Dugma- The Button is essential viewing. Director Paul Refsdal’s award winning new doc immediately enthrals by offering an insight into the daily lives of Al-Qaeda and Taliban members. It examines their faith, humanity and the enormity of their decision to wage jihad and achieve martyrdom through suicide bombing. While it in no way endorses the actions of the 2 soldiers at the heart of this film, it successfully and without judgment gives them a voice.
Refsdal previously directed Taliban Behind the Masks behind enemy lines in Afghanistan. Having spent time in various conflict zones over the last 30 years, it’s unsurprising that Refsdal has gained this level of access to Al-Qaeda in Syria. Dugma begins this tour on “the other side” with 32 year old Abu Qaswara, who talks us through the mechanics of his explosive filled truck, the button or ‘dugma‘ that ignites the bomb, and the purpose of a successful martyrdom operation. Abu is a family man and a man of the community. His love for his young son and daughter are powerfully evident in video footage he watches of them playing from home while he awaits his turn on the ‘martyr list’. He is good humoured, sentimental and has a beautiful singing voice. Mostly though, Abu is a man of faith in Allah, and in death the certainty of his arrival at the highest level of paradise. Affirmation from Abu that ‘Everything will be erased, with Allah’s permission I will send them all to hell’ are less terrifying, and somehow easier to empathise with. This is a deeply entrenched, specific, unshakable belief at the core of this flesh and blood man with faults, doubts and anxieties.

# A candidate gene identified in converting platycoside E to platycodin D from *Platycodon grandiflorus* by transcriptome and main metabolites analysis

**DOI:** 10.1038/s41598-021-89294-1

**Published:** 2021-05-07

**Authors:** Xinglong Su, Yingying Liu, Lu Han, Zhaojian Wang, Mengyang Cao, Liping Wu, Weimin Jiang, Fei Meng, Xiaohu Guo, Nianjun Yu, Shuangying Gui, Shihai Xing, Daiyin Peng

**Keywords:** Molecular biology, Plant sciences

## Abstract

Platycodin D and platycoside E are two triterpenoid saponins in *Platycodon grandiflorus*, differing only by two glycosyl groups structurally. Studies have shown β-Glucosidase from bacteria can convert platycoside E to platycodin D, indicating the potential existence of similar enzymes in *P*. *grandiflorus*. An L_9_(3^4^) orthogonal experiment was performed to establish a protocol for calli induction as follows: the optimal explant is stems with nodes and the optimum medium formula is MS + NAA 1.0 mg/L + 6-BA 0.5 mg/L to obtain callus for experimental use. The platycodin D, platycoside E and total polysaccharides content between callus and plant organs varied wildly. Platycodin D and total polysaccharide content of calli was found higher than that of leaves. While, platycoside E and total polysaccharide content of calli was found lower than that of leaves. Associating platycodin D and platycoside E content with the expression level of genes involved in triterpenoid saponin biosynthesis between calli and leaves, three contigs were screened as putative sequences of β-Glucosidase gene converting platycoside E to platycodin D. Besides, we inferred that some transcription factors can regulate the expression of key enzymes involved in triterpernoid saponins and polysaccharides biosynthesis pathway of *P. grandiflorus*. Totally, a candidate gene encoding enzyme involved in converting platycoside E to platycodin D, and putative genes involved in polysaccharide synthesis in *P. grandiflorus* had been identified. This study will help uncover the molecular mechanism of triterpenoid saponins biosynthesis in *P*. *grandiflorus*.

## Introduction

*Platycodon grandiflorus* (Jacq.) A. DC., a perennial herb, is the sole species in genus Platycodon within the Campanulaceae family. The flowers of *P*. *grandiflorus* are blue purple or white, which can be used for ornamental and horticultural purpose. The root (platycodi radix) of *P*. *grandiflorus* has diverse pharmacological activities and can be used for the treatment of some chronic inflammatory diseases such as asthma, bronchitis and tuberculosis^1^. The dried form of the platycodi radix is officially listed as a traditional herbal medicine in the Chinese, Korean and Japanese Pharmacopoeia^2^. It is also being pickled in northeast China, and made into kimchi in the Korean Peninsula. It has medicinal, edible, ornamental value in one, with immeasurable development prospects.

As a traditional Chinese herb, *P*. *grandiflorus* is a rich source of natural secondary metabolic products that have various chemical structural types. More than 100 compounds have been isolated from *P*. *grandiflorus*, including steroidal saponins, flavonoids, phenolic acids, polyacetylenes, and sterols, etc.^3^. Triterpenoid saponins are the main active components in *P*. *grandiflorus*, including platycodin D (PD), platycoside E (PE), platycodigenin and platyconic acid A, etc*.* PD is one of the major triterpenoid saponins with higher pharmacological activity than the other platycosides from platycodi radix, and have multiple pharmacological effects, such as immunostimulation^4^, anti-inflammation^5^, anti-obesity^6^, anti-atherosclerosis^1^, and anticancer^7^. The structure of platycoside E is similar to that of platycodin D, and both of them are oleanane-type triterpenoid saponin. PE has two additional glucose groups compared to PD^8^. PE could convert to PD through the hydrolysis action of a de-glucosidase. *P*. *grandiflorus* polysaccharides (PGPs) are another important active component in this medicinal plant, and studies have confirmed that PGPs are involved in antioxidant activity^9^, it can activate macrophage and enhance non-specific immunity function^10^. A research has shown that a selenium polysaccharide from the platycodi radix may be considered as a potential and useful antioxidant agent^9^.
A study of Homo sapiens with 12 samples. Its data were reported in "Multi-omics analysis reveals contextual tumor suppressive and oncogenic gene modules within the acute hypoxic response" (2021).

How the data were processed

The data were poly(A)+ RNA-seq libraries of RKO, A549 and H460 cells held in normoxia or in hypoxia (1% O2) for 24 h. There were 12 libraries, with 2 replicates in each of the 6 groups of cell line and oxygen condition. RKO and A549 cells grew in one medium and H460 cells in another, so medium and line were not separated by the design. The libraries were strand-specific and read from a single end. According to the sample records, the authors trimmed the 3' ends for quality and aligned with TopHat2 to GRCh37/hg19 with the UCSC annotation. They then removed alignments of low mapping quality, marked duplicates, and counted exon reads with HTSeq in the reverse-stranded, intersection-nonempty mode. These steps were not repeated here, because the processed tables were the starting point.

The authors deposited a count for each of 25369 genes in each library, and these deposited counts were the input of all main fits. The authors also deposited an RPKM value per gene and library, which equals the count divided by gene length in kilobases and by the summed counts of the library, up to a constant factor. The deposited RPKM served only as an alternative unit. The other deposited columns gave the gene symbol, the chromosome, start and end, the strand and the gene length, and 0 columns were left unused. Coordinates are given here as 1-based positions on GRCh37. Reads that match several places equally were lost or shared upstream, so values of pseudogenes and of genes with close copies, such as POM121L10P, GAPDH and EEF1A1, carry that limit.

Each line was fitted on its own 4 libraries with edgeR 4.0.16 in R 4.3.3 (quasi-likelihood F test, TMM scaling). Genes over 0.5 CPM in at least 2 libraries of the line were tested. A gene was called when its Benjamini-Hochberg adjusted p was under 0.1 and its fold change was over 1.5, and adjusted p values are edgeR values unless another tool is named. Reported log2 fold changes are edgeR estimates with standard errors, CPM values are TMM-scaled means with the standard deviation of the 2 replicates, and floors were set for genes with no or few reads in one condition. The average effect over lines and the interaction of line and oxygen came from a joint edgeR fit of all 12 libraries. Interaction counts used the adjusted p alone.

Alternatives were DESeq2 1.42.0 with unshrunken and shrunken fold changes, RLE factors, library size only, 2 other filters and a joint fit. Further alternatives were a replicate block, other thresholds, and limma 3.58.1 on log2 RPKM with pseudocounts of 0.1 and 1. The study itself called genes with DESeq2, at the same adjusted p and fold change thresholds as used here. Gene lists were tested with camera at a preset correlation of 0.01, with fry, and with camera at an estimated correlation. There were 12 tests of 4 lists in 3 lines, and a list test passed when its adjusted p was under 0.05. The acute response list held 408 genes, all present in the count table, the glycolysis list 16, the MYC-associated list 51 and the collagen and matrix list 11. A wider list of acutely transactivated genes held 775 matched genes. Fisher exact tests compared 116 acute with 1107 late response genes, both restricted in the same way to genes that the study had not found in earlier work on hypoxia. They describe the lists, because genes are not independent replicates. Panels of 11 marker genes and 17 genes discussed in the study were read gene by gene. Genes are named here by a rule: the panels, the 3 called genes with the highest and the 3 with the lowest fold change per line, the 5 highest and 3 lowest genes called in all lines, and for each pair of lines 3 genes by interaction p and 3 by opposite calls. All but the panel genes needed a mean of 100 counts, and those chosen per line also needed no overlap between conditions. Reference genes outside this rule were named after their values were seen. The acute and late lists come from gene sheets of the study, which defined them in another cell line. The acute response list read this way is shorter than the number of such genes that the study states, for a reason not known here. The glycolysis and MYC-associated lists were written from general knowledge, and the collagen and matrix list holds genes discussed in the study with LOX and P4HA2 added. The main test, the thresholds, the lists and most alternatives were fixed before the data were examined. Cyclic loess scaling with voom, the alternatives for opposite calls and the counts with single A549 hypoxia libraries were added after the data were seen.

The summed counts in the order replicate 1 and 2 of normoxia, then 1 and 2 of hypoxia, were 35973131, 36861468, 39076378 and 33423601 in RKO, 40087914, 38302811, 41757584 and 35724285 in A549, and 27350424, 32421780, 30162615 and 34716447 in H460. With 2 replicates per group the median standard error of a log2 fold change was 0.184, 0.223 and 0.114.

On the front-lines of the conflict, amid a backdrop of US air raids, 26-year-old white British convert from London, Abu Basir al Britani, engages in some intimate conversations about Islam and the current situation. You get a partial sense of Abu’s past and the events that may have led him down this road. He describes Britain as ‘a miserable place to live. Always raining… and the people!’ We’re constantly reminded of the very real danger for Abu and his 2 Syrian companions as sniper bullets continually strike their base. They all appear both unfazed and desensitised by the possibility of sudden death.
This is indeed a difficult topic from every possible angle. Refsdal isn’t interested in offering any answers nor any commentary on the situation as it is, merely the men on the other side of the conflict depicted as they are in reality. 2 heart-wrenching confessionals from Abu Basir provide the films 2 greatest moments. In the first he attempts to answer the question of how his new wife will feel about the news of his impending sacrifice. His face betrays his words, and he is nothing but regret. Shortly after, he has a complete u-turn of opinion about being on the martyr-list. Clinging to life for the sake of his wife and theoretical future children, he claims the importance of being ‘a shepherd to his family’, but this is solely about fear of his own death.
Death is the theme. Both Abu’s have celebratory attitudes about their own deaths and the certainty of what awaits them after. They aim to cause the death of as many faceless ‘unbelievers’ as possible with the certainty of the paradise and forgiveness that awaits them. By the end of the film they cling to life, and the real truth of the immediate now and hopeful future, their love, their children and their community.
Dugma is an unbiased and compassionate work that should be seen by everybody.